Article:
City Paper is not for tourists
Omar Al-Nidawi is a member of the DC Homebrewers Club. Known for his traditional British and Belgian style beers, the District resident has impressed many club colleagues, including the club’s first-ever female president, Sara Bondioli. “I’ve tasted many excellent beers from Omar,” Bondioli says. “You don’t see a lot of English mild beers in the wild, so it’s always a treat when Omar makes one.”
To try his award-winning beers you’ll need to attend a DC Homebrewers Meeting. The next one is at Iron Horse Taproom on Oct. 24 at 7 p.m. There, you can ask Al-Nidawi how a dentist’s degree prepared him for his hobby.
Born in Baghdad in 1980, months after the Iranian revolution and a few months before the Iran-Iraq War, Al-Nidawi was brought into a world of conflict. Al-Nidawi’s father was in the military and he remembers a summer visit with him, close to the border in southern Iraq, when sudden flashes of artillery lit up the night.
While the majority of the fighting in the Iran-Iraq War occurred outside urban areas, in 1987 the two counties traded missile attacks in what became known as the War of the Cities. Al-Nidawi says that some of his neighbors were killed.
Remembering grade school days, Al-Nidawi says while the war did not disrupt daily lessons, he and his classmates felt deeply the overall tone of militarization. “We had a flag salute ceremony every Thursday and one of the teachers would fire a gun in the air,” he recalls. “You don’t normally have that in an elementary school in front of 6- and 7-year-olds.”
After the war, after Desert Storm in the 90s, and before he left his home country in 2007, Al-Nidawi remembers four breweries with beer for sale in Baghdad. “Some of them had a robust flavor profile,” he says. “I think one of them was kind of on the paler and sweeter side, but another one of them called Ferida had quite a hop kick to it and very noticeable bitterness.”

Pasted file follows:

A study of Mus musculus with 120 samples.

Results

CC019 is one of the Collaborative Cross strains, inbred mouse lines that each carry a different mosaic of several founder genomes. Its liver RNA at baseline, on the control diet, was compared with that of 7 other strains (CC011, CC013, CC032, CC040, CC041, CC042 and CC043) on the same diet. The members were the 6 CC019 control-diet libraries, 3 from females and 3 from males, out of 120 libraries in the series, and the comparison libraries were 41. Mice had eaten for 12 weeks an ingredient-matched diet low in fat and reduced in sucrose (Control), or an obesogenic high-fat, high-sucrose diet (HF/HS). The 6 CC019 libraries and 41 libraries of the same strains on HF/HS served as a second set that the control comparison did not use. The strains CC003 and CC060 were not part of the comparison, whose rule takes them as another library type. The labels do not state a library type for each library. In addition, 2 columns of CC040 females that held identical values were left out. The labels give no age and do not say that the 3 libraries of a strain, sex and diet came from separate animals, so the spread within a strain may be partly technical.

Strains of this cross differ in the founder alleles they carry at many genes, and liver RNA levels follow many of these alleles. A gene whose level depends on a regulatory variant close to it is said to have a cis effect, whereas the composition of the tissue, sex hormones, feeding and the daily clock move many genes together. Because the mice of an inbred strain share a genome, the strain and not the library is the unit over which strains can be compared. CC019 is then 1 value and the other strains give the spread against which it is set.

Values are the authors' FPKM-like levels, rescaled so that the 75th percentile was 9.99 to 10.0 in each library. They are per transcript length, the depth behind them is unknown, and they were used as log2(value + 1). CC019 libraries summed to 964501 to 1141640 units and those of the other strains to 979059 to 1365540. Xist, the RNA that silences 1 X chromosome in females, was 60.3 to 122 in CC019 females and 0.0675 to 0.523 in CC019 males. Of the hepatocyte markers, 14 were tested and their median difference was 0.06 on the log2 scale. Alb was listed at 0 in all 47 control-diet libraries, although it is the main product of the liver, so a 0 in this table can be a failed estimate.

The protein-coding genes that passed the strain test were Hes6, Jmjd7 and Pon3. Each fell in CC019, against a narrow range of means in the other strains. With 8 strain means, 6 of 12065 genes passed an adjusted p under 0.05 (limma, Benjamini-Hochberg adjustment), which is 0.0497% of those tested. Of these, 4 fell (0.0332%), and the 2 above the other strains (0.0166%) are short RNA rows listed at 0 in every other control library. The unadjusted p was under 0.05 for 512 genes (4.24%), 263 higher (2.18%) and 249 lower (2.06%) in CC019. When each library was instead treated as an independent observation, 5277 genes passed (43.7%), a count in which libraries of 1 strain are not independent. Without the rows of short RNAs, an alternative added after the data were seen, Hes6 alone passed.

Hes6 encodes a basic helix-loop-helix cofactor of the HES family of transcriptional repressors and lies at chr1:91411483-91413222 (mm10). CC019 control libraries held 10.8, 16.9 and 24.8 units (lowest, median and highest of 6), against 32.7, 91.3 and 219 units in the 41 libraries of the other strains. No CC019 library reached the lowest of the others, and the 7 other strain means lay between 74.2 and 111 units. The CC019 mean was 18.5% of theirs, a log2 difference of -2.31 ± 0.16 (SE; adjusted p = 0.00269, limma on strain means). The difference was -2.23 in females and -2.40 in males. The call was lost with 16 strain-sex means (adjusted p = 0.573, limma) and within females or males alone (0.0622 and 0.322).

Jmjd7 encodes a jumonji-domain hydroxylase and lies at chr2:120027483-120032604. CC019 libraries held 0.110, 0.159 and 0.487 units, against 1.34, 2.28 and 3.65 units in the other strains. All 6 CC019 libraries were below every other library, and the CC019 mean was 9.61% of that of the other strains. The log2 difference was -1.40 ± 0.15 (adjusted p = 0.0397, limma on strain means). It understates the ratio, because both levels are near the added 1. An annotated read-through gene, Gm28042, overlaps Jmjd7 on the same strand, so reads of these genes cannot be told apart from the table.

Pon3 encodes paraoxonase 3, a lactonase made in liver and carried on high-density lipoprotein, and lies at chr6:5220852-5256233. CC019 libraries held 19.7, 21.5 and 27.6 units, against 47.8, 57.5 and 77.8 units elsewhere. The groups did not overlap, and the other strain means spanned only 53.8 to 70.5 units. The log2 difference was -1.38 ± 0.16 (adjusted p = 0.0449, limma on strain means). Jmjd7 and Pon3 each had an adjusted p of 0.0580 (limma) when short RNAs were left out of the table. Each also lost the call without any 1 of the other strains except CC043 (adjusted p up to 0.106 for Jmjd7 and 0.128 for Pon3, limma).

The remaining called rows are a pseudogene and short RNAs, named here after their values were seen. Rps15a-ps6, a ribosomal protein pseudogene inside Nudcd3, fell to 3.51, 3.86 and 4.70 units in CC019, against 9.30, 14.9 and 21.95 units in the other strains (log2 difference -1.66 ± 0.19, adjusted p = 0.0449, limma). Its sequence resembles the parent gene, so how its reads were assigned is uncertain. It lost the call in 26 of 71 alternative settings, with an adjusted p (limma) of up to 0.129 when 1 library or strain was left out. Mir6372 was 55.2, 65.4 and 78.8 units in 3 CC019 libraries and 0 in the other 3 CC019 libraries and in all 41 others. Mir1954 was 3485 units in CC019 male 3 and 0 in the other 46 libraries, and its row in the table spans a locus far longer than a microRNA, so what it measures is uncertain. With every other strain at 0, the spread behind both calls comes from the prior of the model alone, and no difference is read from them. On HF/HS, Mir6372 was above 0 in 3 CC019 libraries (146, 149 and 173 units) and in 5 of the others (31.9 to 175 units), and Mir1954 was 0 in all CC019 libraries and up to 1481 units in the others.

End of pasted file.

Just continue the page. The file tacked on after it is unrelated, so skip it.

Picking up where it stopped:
Graduating from the School of Dentistry at Baghdad University in 2002, Al-Nidawi spent the next several years practicing but felt hopeless at the same time. “You’re trapped politically, you’re trapped socially, you can’t leave the country, you’re an international pariah, the regime doesn’t let you speak,” he says.
Certified as a dentist, he says he practiced for about four years in public clinics in and around Baghdad and then about a year in southern Iraq in the marshlands near Basra. He recalls a “really miserable quarantine facility where they housed all the tuberculosis patients so they needed a special dentist unit because it’s a highly contagious disease.” But without electricity to run the dentist’s chair, it was pointless.
He obtained a passport in 2004, and enrolled at Columbia University in 2007. Attending the School of International and Public Affairs he gained his master’s degree and today works as a Middle East analyst, doing business advising and consulting.
In his home brewing, Al-Nidawi draws inspiration from Iraqi and Middle Eastern ingredients. “Iraqis have a very special relationship with date palms” he says, noting that the trees provided Mesopotamians with everything from food to shelter.
“I think dates were often in one form or another part of Sumerian beer recipes, as the hymn to Ninkasi suggests,” Al-Nidawi says. Ninkasi was the Sumerian goddess of beer. “I like to keep that tradition alive.”
While he’s been brewing since 2011, Al-Nidawi started entering competitions only in the last three years, during which he’s won more than a dozen awards and accolades. His English porters and English dark milds have placed, earning him medals and ribbons in competitions in New York City, Philadelphia, Virginia, and Maryland.
In addition to finding Al-Nidawi at DC Homebrewers meetings, you can also occasionally find him talking recipes and ingredients at the 3 Stars Brewing Company homebrew shop on weekends, open from 10 a.m. to 6 p.m. on Saturdays and 11 a.m. to 6 p.m. on Sundays.